They hunt for jewels and gold, the long-hidden plunder of Nazi lore. Now hobby historians in Germany believe they have an urgent case of potentially catastrophic proportions — secret nuclear bombs.
Deep inside the Thuringian Forest, 70-year-old Peter Lohr and two friends have been scanning the surface with “earth radar” and “geomagnetic” technology after one of Lohr’s companions found Allied aerial surveillance photos of what they believe is a Nazi storage facility.
“What did the Nazis really do here? There are so many unanswered questions,” said 67-year-old Walter Boegenhold, a local resident interested in military history who has heard stories about Hitler’s secret projects in the region since his teenage years.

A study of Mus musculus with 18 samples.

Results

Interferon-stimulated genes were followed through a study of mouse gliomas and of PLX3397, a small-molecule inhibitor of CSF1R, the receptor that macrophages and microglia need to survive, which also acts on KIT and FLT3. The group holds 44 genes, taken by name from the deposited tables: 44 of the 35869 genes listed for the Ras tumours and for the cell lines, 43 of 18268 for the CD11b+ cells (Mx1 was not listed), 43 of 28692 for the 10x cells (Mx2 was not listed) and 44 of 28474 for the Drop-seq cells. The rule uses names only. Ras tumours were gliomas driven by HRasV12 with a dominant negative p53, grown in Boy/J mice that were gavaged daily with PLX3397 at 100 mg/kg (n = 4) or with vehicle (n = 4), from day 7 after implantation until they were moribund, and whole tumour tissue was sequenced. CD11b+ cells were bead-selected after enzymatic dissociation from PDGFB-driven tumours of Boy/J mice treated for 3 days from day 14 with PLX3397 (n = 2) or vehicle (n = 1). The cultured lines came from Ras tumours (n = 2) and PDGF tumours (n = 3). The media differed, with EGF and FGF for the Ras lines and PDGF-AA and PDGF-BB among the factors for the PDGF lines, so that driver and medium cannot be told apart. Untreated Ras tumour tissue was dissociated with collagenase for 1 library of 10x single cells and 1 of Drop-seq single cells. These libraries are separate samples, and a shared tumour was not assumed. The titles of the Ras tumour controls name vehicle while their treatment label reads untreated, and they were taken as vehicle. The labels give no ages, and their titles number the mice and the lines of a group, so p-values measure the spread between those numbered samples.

The team’s initial surface scans produced colorful images of what appears to be bomb-shaped metal housing, which led Lohr and Boegenhold to partner with explosive ordnance disposal expert Ralf Ehmann, 60.
“After conducting geomagnetic scans and carefully looking at all the images, I believe that we have Fat Man bombs buried below the surface,” Ehmann told NBC News.
“Fat Man” was the name for the plutonium bomb dropped by U.S. planes on the Japanese city of Nagasaki in 1945. Ehmann believes a similar nuclear bomb was developed by the Nazis.
Local authorities, however, think that’s hogwash.
Officials conducted a “broad examination” after “being alerted to a suspected case of nuclear weaponry in the Jonas valley,” the city of Arnstadt said in a statement, but they later determined that there was no evidence that “would confirm the suspicion.”